One big difference: No commercials are permitted during China's gala.

Instead, state broadcaster CCTV asked agencies this year to pitch public service spots on a theme dear to President Xi Jinping, the Chinese Dream. It's a nebulous idea he invokes to refer to a "great rejuvenation of the Chinese nation."

One public service ad from McCann ran during last year's CCTV lunar new year gala. This time, several dozen agencies, foreign and local, were asked to come up with ideas. Spots by McCann Shanghai and Saatchi & Saatchi Beijing aired during the marathon broadcast Jan. 30.

They complement each other: McCann's ad looks inward at China's heritage, while Saatchi's focuses on how the world sees China.

While such messages can sometimes be heavy-handed, both spots seek a more subtle path to instilling pride in Chinese culture.

The variety show is a three-decade tradition in China, a show that every family turns on during dinner, but that fewer and fewer people enjoy sitting through.

Even state media sometimes admits it's a tired tradition. The China Youth Daily published a January poll saying that more than 55 percent of respondents find the gala outdated. (Among the comedy sketches, acrobatics and song-and-dance numbers this year, one segment was a historic ballet with women dressed in Red Army uniforms.)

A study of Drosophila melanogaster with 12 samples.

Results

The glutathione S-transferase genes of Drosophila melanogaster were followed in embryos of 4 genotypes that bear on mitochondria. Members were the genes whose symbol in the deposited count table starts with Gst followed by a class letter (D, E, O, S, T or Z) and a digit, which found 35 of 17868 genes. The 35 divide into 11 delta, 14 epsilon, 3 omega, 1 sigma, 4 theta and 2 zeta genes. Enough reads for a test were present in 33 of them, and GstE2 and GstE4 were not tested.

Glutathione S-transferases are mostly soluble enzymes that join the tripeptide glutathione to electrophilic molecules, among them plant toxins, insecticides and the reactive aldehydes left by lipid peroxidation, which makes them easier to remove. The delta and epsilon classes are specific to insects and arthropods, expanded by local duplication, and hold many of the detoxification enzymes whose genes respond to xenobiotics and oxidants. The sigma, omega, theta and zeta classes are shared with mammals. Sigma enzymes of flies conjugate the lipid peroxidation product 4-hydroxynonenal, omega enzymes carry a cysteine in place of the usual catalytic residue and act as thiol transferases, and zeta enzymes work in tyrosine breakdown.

It's unclear why CCTV is including public service spots now, but it might be an attempt to make the gala more relevant.

The brief from CCTV talked "about the Chinese Dream, the hope," said Tian It Ng, executive creative director of Saatchi & Saatchi Beijing. "I guess it's all about feeling good, feeling good to be Chinese."

While many Chinese New Year ads in China are tearjerkers about families – brand messages included -- Mr. Ng said he wanted to do something more upbeat.


Saatchi has developed prize-winning public service ads for CCTV for several years; one recent spot focused on a deaf boy and his parent's efforts to help him.

The McCann PSA that aired during the gala showcased chopsticks and all their meanings in China – they're how babies taste their first foods, how children learn manners and something to share with neighbors at the dinner table.

"I am sure many viewers do not know it was a commercial or short film, for them it just seemed like part of the program for 90 seconds," said Tomaz Mok, chairman of McCann Guangming, who said the agency made the PSA at cost, along with another spot also running during the holiday period.

The gala isn't entirely non-commercial. Brands mentioned during the event are considered sponsors, Mr. Mok said. Clothing in the spotlight – such as a red jacket worn by a celebrity this year – started trending quickly on online shopping sites.

And though the gala was commercial-free on CCTV, it wasn't for people watching it afterward online. One ad that preceded online clips of the event was for France's DS luxury car brand, featuring French former Bond girl Sophie Marceau. She also appeared in the gala, crooning "La Vie en Rose."